Sophie has been silent for awhile, her head cast to the side of her car seat, her mouth working steadily on her thumb (likely shriveled and white, as if she has sucked the life and blood out of it), listening to the infernal soundtrack of Beauty and the Beast Jr. I know all the nuances of this album. I know the subtle ways in which a cast member will pull his face wide and tight to draw forth a different voice for a villager or accent it heavily to become the clock. I know how the wardrobe rushes through her lines at one point, and the pathos with which Beauty will plead with the Beast not to die at the end. Sometimes, before I realize that I’ve begun singing along, Sophie will shush me from the back.
I am not allowed to talk. Or sing. Or even hum along.
Which is fine with me. One of the things I love about driving is how boring it is, providing me with ample opportunity for my mind to wander. Whole fabricated conversations, possible (and impossible) futures, and occasionally morbid flashes of how I will die bloom in the emptiness of my mind. The banal highway landscape disappears for chunks of time. And, when I come to, I’m surprised to find how far I’ve traveled while my thoughts have drifted, anxiously wondering how it is that we haven’t crashed.
Now, I am startled out of my reverie, when Sophia suddenly exclaims, “Mom! I’ve got a great idea!” I look into the rearview mirror. Her blue eyes are round and wide. “What if we invite the entire neighborhood to put on the play of Beauty and the Beast in our basement?!?” She’s gesticulating wildly, her hands, palms-up, drawing large ovals in the air as she speaks. If it wasn’t completely unconscious, I’d think she was mocking me. I’m lost for a moment in the thought that Sophie is a caricature of me, just as I must be a caricature of my own mother. How many generations back does this gesture go, I wonder?
“Mom?” she’s checking to see if I’m listening. I kind of wasn’t.
“Yes, that’s an interesting idea,” I say, one corner of my mouth turned up, bemused.
“We could have all the girlies from the block. And my friend Lexi….” She pauses. “Lexi doesn’t know Beauty and the Beast,” she frowns for a moment, considering this assumption (which may very well be false. I, for one, have no idea if Lexi is or isn’t familiar with Beauty and the Beast). “I’ve GOT ANOTHER IDEA. We can invite everyone to LISTEN to Beauty and the Beast in our basement. That way, everyone will know it!!!” She says this like she has discovered the cure for cancer or how to eliminate our dependence on fossil fuels. This is my daughter’s mission: to spread the gospel of Beauty and the Beast.
I find it charming that she has no idea that Disney has beat her to it. Her desire to share her love of this musical extravaganza, of recruiting everyone she knows to participate in her very own Spectacular Spectacular a la Moulin Rouge reminds me of my own younger self. I was older, probably about nine or so, when my best friend Christine and I had dreams of bringing the Beatles’ Magical Mystery Tour to the kids on the block. We spent months perfecting dances (flitting across a floor covered in strawberries and then hula dancing to the flute music at the end of Strawberry Fields), making tickets, creating marketing materials, imagining how we might build a stage. In reality, it never happened. The joy was in the possibility and the vision—the hours spent in joint imagination.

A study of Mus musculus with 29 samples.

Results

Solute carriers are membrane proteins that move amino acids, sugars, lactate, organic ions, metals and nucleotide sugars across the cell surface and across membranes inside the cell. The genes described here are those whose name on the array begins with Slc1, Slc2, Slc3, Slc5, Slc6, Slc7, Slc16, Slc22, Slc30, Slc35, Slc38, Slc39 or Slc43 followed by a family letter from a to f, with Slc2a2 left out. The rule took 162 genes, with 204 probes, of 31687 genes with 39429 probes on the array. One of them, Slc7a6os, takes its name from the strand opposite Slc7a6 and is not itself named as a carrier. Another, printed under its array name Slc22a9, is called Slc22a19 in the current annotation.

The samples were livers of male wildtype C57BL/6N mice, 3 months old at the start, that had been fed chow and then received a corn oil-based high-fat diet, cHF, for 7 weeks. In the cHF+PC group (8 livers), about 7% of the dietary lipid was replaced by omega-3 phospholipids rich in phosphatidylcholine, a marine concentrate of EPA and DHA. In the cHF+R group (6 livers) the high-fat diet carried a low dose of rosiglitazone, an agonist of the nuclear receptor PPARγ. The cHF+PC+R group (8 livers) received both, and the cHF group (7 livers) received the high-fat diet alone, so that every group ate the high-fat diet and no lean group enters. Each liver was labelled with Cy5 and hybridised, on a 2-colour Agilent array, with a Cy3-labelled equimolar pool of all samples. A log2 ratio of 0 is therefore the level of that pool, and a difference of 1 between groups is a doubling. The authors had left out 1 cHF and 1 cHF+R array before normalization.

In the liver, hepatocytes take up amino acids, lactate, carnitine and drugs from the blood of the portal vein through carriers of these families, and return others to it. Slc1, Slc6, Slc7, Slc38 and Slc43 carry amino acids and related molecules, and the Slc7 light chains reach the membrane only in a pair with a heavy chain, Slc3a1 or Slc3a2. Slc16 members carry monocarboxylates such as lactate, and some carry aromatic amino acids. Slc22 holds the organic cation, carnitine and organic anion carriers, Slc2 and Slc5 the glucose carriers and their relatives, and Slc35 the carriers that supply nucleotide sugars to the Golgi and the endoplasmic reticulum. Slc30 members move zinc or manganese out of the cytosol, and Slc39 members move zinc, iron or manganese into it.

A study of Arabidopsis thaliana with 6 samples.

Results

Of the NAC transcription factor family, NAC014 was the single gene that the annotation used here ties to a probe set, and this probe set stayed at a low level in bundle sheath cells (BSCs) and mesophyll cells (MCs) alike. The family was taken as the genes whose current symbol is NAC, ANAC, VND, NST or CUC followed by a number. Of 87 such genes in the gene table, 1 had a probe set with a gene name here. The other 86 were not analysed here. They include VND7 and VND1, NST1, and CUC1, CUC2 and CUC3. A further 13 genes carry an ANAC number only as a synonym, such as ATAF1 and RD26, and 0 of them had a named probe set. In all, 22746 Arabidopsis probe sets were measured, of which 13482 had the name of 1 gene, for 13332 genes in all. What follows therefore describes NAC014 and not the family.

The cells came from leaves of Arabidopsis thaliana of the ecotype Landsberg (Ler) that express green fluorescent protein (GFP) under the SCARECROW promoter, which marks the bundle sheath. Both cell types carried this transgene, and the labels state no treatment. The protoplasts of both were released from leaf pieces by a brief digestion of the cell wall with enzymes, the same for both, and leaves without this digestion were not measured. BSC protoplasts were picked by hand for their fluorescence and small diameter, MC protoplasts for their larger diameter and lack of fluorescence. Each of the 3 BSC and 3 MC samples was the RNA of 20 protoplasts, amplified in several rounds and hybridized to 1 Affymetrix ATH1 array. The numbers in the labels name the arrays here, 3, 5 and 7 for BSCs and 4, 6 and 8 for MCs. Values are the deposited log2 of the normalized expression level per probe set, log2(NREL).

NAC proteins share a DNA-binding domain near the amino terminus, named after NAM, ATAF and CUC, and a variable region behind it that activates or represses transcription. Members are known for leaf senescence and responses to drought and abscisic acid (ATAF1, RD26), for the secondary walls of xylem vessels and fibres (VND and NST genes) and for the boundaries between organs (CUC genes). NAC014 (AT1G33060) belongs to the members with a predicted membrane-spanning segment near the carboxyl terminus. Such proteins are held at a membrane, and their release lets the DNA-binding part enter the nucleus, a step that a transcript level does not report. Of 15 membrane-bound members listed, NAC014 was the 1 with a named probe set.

I feel a small thrill when I hear Sophie speak so passionately about her fantasy. I want her to be a dreamer and dream big.
In my youth, daydreaming saved me.
It offered me an escape from the oppressive tedium of school. Hours spent listening to teachers drone on about something easily read in a book. The constant waiting. Waiting for books, papers, tests to be passed out. Waiting for the film strip to be loaded into the projector. Waiting for the bell to ring.
All my elementary teachers said the same thing. She’s a good student, but she spends too much time daydreaming. As if it was my fault.
It offered me an escape from my bedridden state—constantly ill, often absent, frequently alone. In the absence of real relationships, I fabricated virtual ones. I would dress myself in clothes I didn’t own for dates I’d never go on to places I’ve never been. I feel sad now, reflecting on it. But at the time, it was all so beautiful, like the splendor of The Little Princess’ attic, decorated with imagination. The images in my mind were sustaining. They gave me hope.
It offered me an escape while my parents fought—eyes turned inward are blind to one’s surroundings, ears attune to an inner voice are deaf to shouting. My fertile inner life delivered me from my dismal “real” life. Books helped. The provided a window, opened the doors. They supplied endless friends and travel to exotic locales. They kept the fire of my imagination stoked.
Even now, if I don’t want to be here, I don’t have to stay. My bag is always packed.
I owe boredom my gratitude. I have read that the availability of information, the phenomenon of everything “on demand,” the constant stimulation of the digital world has all but eradicated boredom—and that this bodes poorly for creativity. It is in the moments of nothingness that something is created—whether its dramatic play or scientific advancement. Boredom necessitates change. It creates frustration. It begs filling.
These empty hours in the car have perhaps, unwittingly, become one my greatest gifts to Sophie as her parent.